Market Garden Brewery is proof that Sam McNulty loves us and wants us to be happy — and by happy, of course, we mean drunk. By sweeping the feathers out of a long-defunct Ohio City poultry shop and replacing them with a full-on beer factory, McNulty has ensured that we, too, will walk around with a perpetual grin on our faces just like he does.
MGB is the latest — and largest — gambit in McNulty's grand plan to transform his favorite neighborhood into everybody's favorite neighborhood. In just six years' time, he has opened Bier Markt, Bar Cento, Speakeasy, and now MGB. It's no coincidence that during that same period of time, Ohio City's West 25th Street has become one of the most desirable addresses for new bars, restaurants, and food-related businesses.
At this point in Ohio City's rebirth, McNulty very easily could have adopted the sort of "build it and they will come" attitude that often sullies in-vogue locals. Rather, he and his partners spent a boatload of cash to do it right. From the build-out to the brewhouse to the celebrated brewmaster, no expense was spared in making MGB a lasting Cleveland landmark.
Locals and tourists alike quickly discovered that MGB's gem-like beer garden is a wee slice of heaven on a hot day. But it's equally appealing on a chilly fall eve, thanks to a crackling wood fire. It's there that we've enjoyed many a pint, from floral hefeweizens and hoppy pale ales to roasty, toasty stouts. Brewmaster Andy Tveekrem, formerly of Delaware's Dogfish Head Brewery, cooks up high-quality but relatively low-proof brews perfect for "session" drinking.
A nice beer buzz helps deflect some attention away from the food, which, as with most brewpubs, tends to take a back seat to the liquid assets. Diners hoping for the same level of quality and creativity that chef Mike Nowak consistently puts out across the street at Bar Cento will doubtless be disappointed. By design and necessity, this is an entirely different ballgame.
An odd jumble of this and that, the menu hopscotches its way from Germany to Mexico, from the American South to New England. Ostensibly, the one unifying theme is that the food is largely beer-friendly. And nothing is more beer-friendly than a salty pretzel. But lacking any discernable crust, MGB's version is more of a soft roll than a crunchy sidekick. For that, one best go with the dark, crunchy, and well-seasoned house potato chips.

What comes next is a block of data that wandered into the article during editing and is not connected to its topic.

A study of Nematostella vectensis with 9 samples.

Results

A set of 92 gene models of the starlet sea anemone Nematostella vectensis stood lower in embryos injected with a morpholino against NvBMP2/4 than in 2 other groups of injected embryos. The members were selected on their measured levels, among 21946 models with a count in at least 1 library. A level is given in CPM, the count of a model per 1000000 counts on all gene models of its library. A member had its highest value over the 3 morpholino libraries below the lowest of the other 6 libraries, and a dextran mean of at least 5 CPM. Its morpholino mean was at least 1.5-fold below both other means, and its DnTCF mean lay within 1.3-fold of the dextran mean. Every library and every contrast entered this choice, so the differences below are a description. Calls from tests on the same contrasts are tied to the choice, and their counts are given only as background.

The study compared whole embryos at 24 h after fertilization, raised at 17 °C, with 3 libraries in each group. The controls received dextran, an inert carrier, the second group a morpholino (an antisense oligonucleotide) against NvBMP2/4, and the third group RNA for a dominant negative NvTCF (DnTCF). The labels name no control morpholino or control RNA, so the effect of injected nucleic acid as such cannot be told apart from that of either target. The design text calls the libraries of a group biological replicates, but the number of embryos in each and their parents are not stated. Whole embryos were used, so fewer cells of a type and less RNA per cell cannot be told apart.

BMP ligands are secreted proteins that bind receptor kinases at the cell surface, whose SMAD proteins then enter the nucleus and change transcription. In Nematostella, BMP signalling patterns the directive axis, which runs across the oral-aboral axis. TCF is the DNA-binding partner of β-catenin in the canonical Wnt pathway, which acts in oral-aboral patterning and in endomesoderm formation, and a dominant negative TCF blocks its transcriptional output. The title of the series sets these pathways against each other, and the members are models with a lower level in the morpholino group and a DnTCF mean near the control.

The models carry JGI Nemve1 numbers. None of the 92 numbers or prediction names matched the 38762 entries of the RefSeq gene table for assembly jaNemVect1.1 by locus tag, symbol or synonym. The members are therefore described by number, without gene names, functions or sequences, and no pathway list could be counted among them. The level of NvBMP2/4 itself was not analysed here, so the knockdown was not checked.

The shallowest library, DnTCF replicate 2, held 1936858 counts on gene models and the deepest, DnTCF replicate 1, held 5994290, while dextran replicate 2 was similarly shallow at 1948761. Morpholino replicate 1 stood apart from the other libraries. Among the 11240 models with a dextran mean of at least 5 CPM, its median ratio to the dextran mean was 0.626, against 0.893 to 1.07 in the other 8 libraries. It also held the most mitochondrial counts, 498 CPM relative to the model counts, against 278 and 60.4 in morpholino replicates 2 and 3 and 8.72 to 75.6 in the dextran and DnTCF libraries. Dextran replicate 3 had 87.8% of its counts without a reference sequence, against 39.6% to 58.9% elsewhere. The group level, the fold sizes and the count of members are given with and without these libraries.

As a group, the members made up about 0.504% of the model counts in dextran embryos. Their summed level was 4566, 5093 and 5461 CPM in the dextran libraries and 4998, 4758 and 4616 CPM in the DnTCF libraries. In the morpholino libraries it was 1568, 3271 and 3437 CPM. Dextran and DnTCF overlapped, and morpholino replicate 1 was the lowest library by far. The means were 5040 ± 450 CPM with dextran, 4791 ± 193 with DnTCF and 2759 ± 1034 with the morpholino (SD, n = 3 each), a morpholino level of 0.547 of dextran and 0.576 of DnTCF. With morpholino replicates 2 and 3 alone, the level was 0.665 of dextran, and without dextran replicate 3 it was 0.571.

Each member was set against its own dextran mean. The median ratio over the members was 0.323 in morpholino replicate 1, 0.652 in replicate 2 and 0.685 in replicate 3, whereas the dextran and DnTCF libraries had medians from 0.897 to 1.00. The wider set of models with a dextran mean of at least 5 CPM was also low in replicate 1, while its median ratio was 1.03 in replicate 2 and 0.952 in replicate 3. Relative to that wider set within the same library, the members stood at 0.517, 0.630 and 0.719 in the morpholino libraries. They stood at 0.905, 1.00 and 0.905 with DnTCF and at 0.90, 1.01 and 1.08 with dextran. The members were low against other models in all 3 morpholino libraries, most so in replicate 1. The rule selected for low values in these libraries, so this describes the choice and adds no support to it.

Most folks either love or loathe currywurst: sausage covered in curry-flavored ketchup. We happen to like it — and MGB's version of it. Same goes for the Scotch egg: a kitchen science experiment that results in a hard-cooked egg encased in a thin layer of sausage. This is not navel-gazing cuisine: It's beer food.
MGB may be the only joint in town that fleshes out its meat boards with beef jerky, an odd but amusing touch. That jerky, picked up at the adjacent West Side Market, joins sweet ham, airy chicken liver mousse, smoked sausage, and house-pickled veggies to create a great and sharable snack.
We would have much preferred corn tortillas over the blander flour variety, but MGB's tacos are tasty enough. The spicy fried rock shrimp version with slaw, we agreed, was far more compelling than the straightforward black bean alternative.
There are daily crimes committed against lobster — and New England as a whole, really — at Market Garden. When shelling out $16 for a lobster roll, for instance, one expects a heap of sweet lobster meat, and that is precisely what is delivered here. But to place that delicate toss of prime seafood in a hard, chewy baguette as opposed to a soft white bun is a sin.
MGB's buttermilk fried chicken, on the other hand, is a fat platter of southern-fried pride. Crunchy, juicy, and best of all boneless, this bird is a joy to eat. (The dry, crumbly cornbread, not so much.)
It may be the beer talking, but we have yet to walk (or wobble) our way out of Market Garden Brewery anything but cheerful. At the end of the day — or meal — isn't that what matters most?